From Beijing Venture to Global Growth

"Tsinghua University has been the number one-ranked university in China for years. Yet most people outside of Asia haven't even heard of it," says Dan Cowen, Director of International Affairs for Tsinghua Holdings Capital.


Like the many and varied 'University Venture Funds' around the world, this firm has benefited from being embedded in the ecosystem around a leading academic institution. Yet in recent years the firm's focus has shifted away from university start-ups and spin-outs towards more mature, growth-stage companies. Now the firm is even beginning to look for investment opportunities outside of China, while Tsinghua University itself seeks a stronger international profile.

In this week's Future Planet Blog, Cowen shares insights from Tsinghua's story and explains what he's hoping to find in nominees for the upcoming Future Planet Awards: firms with the potential to scale up and transfer beyond the local market to the wider world. "We're encouraging Chinese start-ups to get involved. This country has some very interesting innovations emerging right now, especially in medical technology and clean air technology, he says."

"Tsinghua Holdings [a State-Owned Enterprise] was created in 2001-3 to manage the sixty or so firms that had already developed from Tsinghua University research transfer," Cowen recalls. "There was no management previously governing those, no structure." Just three years later, the group created a specialised private equity investment arm focusing on discovering and nurturing new companies. This unit evolved into what is now known as Tsinghua Holdings Capital, a wholly owned subsidiary with more than RMB 20 billion (USD 2.9 billion) in assets under management.

As it has grown and developed, its focus has also shifted away from nurturing university-related start-ups and towards slightly more mature companies. "Today we're more focused on private equity and growth-stage, which is a change from where we began," says Cowen. "Although we still have excellent links with the university and we do invest in companies that have developed through the system here, including some of the excellent incubators, we don't invest in spin-outs so much anymore."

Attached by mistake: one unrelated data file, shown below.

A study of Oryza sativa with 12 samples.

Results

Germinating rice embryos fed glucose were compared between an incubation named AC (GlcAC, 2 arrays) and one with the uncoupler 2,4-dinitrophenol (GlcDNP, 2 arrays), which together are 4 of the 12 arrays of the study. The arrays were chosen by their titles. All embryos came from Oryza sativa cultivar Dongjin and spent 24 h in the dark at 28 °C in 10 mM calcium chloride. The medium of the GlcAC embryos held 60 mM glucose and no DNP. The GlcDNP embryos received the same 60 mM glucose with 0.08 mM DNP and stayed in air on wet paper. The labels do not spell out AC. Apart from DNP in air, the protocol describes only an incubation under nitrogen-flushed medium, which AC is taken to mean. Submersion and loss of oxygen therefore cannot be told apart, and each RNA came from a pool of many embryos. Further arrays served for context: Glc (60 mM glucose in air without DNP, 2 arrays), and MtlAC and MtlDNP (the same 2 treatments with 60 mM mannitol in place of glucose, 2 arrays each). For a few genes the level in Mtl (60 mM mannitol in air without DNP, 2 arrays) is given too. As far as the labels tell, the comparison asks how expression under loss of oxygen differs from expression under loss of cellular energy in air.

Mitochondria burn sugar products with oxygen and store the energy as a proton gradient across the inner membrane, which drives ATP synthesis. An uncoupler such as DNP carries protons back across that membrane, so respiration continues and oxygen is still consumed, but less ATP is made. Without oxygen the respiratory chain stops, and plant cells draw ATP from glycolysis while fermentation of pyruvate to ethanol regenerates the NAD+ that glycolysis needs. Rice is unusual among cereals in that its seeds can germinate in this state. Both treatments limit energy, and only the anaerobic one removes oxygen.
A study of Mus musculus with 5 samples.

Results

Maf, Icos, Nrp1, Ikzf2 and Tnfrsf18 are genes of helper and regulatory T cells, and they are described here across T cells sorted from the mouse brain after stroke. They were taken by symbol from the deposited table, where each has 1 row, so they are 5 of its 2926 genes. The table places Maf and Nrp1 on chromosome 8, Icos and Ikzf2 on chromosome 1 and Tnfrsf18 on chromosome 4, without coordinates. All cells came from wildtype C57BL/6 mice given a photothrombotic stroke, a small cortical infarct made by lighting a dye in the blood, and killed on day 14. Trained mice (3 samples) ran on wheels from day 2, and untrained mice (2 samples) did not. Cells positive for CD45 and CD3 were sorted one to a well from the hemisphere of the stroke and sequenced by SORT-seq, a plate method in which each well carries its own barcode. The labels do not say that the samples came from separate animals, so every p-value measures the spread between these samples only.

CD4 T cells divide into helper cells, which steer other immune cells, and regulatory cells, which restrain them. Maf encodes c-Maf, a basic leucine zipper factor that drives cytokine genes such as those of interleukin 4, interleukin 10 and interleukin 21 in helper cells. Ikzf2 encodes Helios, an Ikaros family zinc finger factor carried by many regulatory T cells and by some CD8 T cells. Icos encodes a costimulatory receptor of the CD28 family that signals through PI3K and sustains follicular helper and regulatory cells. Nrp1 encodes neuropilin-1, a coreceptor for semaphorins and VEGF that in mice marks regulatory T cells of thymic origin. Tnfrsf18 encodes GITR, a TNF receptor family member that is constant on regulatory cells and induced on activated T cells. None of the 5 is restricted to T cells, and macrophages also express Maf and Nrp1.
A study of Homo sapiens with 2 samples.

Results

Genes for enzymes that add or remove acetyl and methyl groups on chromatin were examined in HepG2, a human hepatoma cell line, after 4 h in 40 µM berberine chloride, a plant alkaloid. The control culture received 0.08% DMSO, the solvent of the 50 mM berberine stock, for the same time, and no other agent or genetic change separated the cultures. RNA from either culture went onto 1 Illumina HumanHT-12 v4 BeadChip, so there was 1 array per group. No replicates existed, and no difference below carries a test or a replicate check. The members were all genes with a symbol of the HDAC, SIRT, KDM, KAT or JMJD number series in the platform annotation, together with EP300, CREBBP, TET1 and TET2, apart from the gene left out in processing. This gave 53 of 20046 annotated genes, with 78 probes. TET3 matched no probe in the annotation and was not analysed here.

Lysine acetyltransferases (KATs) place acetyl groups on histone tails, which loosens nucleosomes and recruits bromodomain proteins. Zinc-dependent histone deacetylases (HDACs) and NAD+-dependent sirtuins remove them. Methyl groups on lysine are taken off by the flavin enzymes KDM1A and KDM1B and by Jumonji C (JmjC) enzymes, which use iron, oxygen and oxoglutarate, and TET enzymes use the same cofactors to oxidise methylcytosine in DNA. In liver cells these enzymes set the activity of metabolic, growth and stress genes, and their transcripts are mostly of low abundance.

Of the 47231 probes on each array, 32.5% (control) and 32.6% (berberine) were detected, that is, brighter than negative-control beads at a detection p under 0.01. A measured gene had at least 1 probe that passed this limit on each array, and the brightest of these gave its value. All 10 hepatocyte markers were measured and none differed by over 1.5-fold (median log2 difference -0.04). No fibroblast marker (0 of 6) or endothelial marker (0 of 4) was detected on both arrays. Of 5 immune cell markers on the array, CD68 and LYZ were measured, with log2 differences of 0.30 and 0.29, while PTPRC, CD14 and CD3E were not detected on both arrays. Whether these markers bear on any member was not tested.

In part, this is because of "client demand" - the appetite of the insurance companies, banks, fund-of-funds, family offices and endowments that make up THC's LP base. Yet it is also a matter of investment reality. "Picking a world-beating player at VC stage is very difficult, especially in China," says Cowen. "Here it is almost assumed that you will have competition from the get-go: no matter what innovation you've produced, someone else will more than likely be working on the same thing. In the west, you can look for firms that do something unusual; that approach doesn't apply here to the same extent."

Nowadays, the start-up funding tends to come from a range of sources: angel investors, incubators, state grants. "Recently a lot more of the funding has been coming from wealthy individuals who have made money through their own start-ups and are now wanting to put some of that money back into entrepreneurs."

Is it really true that the Chinese innovation landscape is fundamentally more competitive than some of its western counterparts? "This is partly about simple numbers," Cowen explains. "The Chinese population is simply bigger than the USA or the EU, where we see a lot of duplication of administrative functions and a lack of willingness to enter a market where there is competition to overcome. But it’s also about the policies of national and regional governments in China... Each province or local government has a significant degree of autonomy to encourage innovation in their region through grants and subsidies. A couple of provinces in South West China want to be leaders in Big Data. A few years ago, some of the North-West provinces wanted to be leaders in Solar and Wind Energy. The result tends to be that you'll get multiple groups working on similar projects and that creates more internal competition for those innovators."

Having evolved towards a more traditional private equity profile, THC is now thinking about the next step: going beyond China. "We have a newly founded international team which is just getting started," says Cowen. "We are looking towards investing abroad, whether we go directly or act as an LP." At the same time, the University itself is seeking to internationalise and develop stronger links overseas. "We want to build the Tsinghua University brand globally. This has been the number one school in China for years and it should have greater prestige on the international stage."

Right now, Cowen and his colleagues are looking forward to seeing the nominees of the upcoming Future Planet Awards, which will recognise the new and emerging companies that are most likely to address key global challenges across climate change, healthcare, sustainable growth, education and security. "We're encouraging Chinese start-ups to get involved. This country has some very interesting innovations emerging right now, especially in medical technology and clean air technology, areas where China is set to lead the world in scientific development."

In particular, they're keen to see firms that have the potential not just to do well in China but to succeed globally. "We're looking for scalability and transferability. There are quite a lot of competitions in China that are about doing well in this market. But how likely are companies to be able to scale up into profitable, sustainable businesses that can transfer outside of China?"